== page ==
Liz Truss resigns
Prime Minister Liz Truss said that she was stepping down after only six weeks in office, the shortest tenure ever for a British prime minister.
“I cannot deliver the mandate on which I was elected,” Truss said yesterday in brief remarks announcing her resignation outside 10 Downing Street.
For Britain, it is another chapter in the political convulsions that followed its vote to leave the E.U. in 2016. The country will soon have its fifth prime minister in six years.
Truss will remain the Conservative Party leader and the prime minister until a successor is chosen, which is expected to happen next week, but could come as soon as Monday — an extraordinary scramble.
Accounts of torture in Ukraine
After Ukrainian forces recaptured much of the Kharkiv region a month ago, police officers returned to towns and villages to re-establish a Ukrainian administration. They were soon overwhelmed by accounts of detentions, torture and missing relatives.
The accounts of people detained in police stations and improvised jails reveal a pattern of abuse that included beatings and electric shocks during interrogations. Torture was routine, according to witnesses.
Signs of abuse were also apparent in some of the 534 bodies recovered across the region. “There are people with tied hands, shot, strangled, people with cut wounds, cut genitals,” the police chief said.
Context: The scale of abuse of the population under Russian occupation is most likely greater than that seen in Bucha and in areas around Kyiv, given the breadth of the territory and the length of the occupation, police officials said.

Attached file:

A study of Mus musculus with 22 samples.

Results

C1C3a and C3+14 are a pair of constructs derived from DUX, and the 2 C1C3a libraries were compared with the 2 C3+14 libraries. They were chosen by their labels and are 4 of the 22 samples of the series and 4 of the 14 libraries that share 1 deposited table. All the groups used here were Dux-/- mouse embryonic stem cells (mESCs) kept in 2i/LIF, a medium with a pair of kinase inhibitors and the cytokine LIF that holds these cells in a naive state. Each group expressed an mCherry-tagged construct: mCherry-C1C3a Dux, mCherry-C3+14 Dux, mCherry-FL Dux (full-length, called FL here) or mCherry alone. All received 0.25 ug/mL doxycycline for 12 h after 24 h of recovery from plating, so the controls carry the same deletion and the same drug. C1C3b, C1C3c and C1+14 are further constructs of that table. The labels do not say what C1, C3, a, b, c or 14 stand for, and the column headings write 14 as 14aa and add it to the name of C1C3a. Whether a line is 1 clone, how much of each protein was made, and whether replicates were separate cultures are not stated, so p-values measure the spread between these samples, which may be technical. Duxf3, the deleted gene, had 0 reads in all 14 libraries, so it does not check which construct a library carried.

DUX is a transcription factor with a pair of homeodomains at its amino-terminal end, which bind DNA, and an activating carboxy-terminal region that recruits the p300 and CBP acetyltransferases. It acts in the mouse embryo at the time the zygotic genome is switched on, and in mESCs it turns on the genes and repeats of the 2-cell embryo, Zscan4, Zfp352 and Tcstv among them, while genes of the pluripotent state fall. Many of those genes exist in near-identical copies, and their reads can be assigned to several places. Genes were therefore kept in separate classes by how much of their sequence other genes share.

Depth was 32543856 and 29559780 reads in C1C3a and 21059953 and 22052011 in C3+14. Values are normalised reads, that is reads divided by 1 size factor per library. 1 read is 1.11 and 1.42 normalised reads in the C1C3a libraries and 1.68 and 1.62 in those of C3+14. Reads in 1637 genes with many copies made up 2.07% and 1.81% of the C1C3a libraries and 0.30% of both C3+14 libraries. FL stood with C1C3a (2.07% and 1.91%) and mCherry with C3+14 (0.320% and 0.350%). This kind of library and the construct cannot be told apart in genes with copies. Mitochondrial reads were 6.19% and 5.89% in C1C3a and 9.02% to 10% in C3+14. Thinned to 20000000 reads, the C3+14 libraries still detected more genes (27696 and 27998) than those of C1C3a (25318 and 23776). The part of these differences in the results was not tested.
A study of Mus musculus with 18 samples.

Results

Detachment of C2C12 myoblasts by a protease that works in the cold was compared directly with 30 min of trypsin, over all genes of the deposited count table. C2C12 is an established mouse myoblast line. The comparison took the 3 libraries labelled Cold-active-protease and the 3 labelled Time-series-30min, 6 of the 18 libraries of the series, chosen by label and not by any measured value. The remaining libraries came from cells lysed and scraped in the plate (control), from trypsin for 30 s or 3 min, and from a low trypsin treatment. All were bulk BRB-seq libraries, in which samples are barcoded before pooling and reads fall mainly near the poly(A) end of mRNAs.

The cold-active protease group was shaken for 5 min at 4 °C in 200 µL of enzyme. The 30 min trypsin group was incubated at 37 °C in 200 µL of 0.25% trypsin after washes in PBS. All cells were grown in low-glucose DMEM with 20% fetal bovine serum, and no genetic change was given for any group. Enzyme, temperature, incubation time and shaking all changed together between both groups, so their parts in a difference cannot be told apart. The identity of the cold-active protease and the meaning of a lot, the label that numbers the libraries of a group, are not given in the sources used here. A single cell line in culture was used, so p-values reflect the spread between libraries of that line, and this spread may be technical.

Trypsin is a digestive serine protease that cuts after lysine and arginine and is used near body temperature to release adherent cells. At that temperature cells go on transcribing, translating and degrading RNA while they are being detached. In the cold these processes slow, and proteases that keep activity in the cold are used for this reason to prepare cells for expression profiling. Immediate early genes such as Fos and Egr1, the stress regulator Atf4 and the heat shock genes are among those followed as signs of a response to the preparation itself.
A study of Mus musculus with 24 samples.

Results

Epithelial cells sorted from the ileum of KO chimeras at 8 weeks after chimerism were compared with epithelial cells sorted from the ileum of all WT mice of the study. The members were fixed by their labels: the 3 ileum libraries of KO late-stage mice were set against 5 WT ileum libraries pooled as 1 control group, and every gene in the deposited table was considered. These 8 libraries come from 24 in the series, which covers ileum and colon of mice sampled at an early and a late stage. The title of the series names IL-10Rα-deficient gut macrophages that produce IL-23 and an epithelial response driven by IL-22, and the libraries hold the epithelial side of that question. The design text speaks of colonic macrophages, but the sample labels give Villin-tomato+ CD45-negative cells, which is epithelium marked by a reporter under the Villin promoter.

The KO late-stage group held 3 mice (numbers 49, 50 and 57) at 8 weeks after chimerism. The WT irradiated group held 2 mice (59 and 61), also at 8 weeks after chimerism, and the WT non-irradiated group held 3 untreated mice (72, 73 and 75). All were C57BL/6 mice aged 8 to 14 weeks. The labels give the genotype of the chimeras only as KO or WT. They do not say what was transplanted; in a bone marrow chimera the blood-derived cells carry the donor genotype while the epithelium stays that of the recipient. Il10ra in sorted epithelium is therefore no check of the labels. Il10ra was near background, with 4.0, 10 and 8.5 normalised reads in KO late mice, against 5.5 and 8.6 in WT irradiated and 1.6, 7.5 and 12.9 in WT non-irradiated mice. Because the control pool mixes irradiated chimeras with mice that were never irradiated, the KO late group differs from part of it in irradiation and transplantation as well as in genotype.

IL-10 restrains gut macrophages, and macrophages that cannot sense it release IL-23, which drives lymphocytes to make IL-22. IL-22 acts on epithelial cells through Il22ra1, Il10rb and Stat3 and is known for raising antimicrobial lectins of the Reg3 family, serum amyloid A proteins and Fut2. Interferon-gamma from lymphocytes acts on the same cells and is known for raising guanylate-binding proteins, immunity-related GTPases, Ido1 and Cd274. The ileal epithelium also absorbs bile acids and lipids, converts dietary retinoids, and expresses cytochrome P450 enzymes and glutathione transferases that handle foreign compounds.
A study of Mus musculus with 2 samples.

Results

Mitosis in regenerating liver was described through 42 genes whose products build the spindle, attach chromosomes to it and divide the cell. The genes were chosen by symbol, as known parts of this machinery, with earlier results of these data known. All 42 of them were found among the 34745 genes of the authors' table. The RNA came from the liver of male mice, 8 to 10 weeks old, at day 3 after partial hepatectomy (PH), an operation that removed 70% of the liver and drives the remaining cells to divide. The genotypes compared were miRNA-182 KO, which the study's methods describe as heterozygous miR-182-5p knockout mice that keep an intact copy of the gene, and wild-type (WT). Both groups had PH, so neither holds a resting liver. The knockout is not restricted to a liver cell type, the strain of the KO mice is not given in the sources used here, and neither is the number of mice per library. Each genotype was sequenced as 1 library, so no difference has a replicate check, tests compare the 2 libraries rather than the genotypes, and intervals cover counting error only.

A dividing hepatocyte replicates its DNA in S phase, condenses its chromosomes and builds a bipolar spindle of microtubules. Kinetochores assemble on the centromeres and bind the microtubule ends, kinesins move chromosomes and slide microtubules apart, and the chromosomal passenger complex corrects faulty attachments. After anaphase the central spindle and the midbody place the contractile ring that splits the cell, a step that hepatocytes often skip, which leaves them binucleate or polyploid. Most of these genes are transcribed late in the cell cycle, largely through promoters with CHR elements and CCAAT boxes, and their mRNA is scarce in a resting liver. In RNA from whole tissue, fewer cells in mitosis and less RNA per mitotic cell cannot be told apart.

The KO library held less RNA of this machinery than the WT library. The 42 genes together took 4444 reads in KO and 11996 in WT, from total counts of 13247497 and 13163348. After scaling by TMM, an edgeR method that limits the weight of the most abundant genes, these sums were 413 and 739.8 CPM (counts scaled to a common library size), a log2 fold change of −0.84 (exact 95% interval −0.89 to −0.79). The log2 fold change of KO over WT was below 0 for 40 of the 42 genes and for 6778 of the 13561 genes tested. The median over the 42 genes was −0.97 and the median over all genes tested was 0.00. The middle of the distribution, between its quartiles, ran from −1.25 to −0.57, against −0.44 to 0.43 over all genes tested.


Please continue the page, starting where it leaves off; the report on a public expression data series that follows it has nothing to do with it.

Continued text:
What’s next: War crimes investigators are now examining some of the hundreds of corpses recovered in recaptured towns and villages.
Taiwan’s ‘adorable’ diplomacy
Even as China’s threats on reunification grow more pointed, Taiwan is working creatively to bolster its alliances. Few places in the world can claim to be as scrappy with statecraft as the island is today.
To maintain diplomatic ties with Guatemala, Taiwan pays the country’s lobbyists in Washington. To thank Lithuania for becoming their newest unofficial ally, the government and the shoppers of Taiwan have embraced imports from the Baltic country, including lasers and bacon-flavored schnapps.
The freewheeling approach has been around for decades. But the latest burst of diplomacy has been fueled by Taiwan’s deepening insecurity, which was caused by China’s more vocal demands, and by new opportunities for connection created in part by the U.S.
Quotable: “We have to be more creative and, like, more adorable,” said Chiayo Kuo, the founder of the Taiwan Digital Diplomacy Association, a nonprofit helping Taiwan get its message out. “We are trying to make friends, to make more friends.”
Takeaway: While it has fewer embassies than it did a decade ago, Taiwan now has more substantial ties with a wider range of nations.
During a recent performance, Crush, a South Korean R&B singer, doled out high-fives to fans but avoided an area where some Black concertgoers were extending their hands.
A fan on Twitter called the episode, which occurred at a music festival in Seoul this month, an act of discrimination. When others piled on, Crush apologized for what he called a “misunderstanding,” telling his 2.7 million Instagram followers that he had avoided high-fiving some fans out of concern for their safety.
The debate over the episode has called attention to what experts say is an old problem: the struggle of the K-pop industry to develop the level of cultural sensitivity that fans in the U.S. and elsewhere expect.
The criticism also highlights resentment that has built up for years among Black fans who feel that K-pop acts adopt their culture but do not respect them, just as earlier generations of white musicians appropriated Black music and reaped the riches.